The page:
I was moved to read that four London institutions have agreed to pay their cleaners and caterers more than the minimum wage ("Group reminds institutions of duty to help lowest paid", 23 July). I hope they will now do the same for their contract lecturers.
I have worked at two of the four institutions mentioned, where lecturers' hourly rates in my field range from £30 to £37 per hour of teaching, with preparation and marking left unpaid. In an average 20-hour module with 25 students, there is 25 hours of marking. In my experience, one hour of teaching requires at least three hours of preparation, which equals another 60 hours a week, at least.
Then there is the administrative work, such as photocopying handouts, responding to student and staff emails, investigating plagiarism cases, booking rooms, filling in forms and so on, all of which total, say, another 20 hours' work.
For each hour of paid work, our junior colleagues put in at least three hours of preparation, one hour of teaching, one of marking and one of administration. At £30-£37 per hour, on average that works out as below or just above the minimum wage.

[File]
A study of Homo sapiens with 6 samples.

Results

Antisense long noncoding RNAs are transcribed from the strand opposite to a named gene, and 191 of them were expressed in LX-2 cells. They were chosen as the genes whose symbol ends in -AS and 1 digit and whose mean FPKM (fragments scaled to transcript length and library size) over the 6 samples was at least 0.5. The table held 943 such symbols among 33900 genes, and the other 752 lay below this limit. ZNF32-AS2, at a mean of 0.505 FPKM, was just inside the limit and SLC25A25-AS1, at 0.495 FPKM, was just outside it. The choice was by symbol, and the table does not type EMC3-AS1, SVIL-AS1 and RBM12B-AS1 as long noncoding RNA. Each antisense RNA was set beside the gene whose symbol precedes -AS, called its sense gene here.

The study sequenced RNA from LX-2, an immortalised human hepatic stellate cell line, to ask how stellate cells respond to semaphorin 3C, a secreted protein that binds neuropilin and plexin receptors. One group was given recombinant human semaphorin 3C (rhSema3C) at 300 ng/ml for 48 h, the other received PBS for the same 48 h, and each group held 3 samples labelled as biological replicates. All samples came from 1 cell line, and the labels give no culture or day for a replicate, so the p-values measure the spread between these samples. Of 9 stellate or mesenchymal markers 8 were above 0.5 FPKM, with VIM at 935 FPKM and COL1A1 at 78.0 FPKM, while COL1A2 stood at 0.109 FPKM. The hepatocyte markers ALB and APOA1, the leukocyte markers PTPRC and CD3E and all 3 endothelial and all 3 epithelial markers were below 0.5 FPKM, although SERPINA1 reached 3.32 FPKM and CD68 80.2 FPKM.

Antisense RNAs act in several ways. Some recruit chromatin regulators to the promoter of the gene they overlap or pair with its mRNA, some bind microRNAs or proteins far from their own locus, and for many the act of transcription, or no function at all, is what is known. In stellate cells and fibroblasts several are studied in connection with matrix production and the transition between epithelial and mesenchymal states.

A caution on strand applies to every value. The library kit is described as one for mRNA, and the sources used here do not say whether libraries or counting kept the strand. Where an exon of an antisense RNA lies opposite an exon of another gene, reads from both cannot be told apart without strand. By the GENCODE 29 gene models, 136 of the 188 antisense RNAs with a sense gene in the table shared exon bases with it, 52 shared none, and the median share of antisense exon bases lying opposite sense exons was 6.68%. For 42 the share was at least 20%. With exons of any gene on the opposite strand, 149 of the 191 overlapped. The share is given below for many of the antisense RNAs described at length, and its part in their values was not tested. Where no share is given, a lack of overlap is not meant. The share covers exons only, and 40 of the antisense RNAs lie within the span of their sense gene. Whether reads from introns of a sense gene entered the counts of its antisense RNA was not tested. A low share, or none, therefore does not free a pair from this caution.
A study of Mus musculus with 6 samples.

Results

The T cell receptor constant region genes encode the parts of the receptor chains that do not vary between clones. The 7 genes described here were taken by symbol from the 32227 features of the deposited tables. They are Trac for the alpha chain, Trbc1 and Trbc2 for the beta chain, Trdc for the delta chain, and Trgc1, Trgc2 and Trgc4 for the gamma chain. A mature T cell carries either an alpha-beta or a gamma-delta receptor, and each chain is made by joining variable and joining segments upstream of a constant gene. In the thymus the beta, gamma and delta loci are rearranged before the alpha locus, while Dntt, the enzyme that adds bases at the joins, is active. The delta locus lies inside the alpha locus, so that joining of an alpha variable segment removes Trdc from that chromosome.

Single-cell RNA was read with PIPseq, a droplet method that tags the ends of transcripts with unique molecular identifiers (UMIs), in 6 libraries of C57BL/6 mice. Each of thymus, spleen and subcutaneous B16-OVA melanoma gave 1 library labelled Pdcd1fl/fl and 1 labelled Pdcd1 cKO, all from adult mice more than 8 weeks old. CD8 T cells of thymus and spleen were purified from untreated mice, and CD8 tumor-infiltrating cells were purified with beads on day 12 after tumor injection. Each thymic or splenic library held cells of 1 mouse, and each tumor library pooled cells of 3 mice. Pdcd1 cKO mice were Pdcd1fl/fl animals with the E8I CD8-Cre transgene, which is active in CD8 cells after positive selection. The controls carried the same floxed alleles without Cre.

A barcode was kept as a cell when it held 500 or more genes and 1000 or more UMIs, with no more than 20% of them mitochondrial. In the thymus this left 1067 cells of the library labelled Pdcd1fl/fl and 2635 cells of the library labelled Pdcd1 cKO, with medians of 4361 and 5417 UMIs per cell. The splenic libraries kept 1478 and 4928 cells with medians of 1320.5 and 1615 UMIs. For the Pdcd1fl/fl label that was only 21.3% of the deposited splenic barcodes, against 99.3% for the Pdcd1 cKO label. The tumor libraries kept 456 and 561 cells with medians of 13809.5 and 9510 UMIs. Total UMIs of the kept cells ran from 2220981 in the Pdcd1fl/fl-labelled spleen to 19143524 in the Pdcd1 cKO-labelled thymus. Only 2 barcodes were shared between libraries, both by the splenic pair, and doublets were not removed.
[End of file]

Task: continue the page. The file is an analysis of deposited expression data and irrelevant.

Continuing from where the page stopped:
Senior colleagues, who are paid proper salaries, repeat the mantra that hourly paid teaching is the way to get an academic job, although they know perfectly well that only a small fraction of junior colleagues are rewarded in this manner.
Juniors who ask to be paid for preparation and marking, or to be employed on a fractional contract rather than being paid by the hour, are immediately replaced by others with less lofty expectations. This is how many departments thrive on the underpaid work of junior colleagues, often their own graduates.
I doubt whether some departments would survive at all without this continuous influx of underpaid workers. So, now that those London institutions have taken a moral stance on the remuneration of contract staff, my hourly paid colleagues and I are looking forward to the princely sum of £7.45 per hour.
Anonymous hourly paid lecturer, London.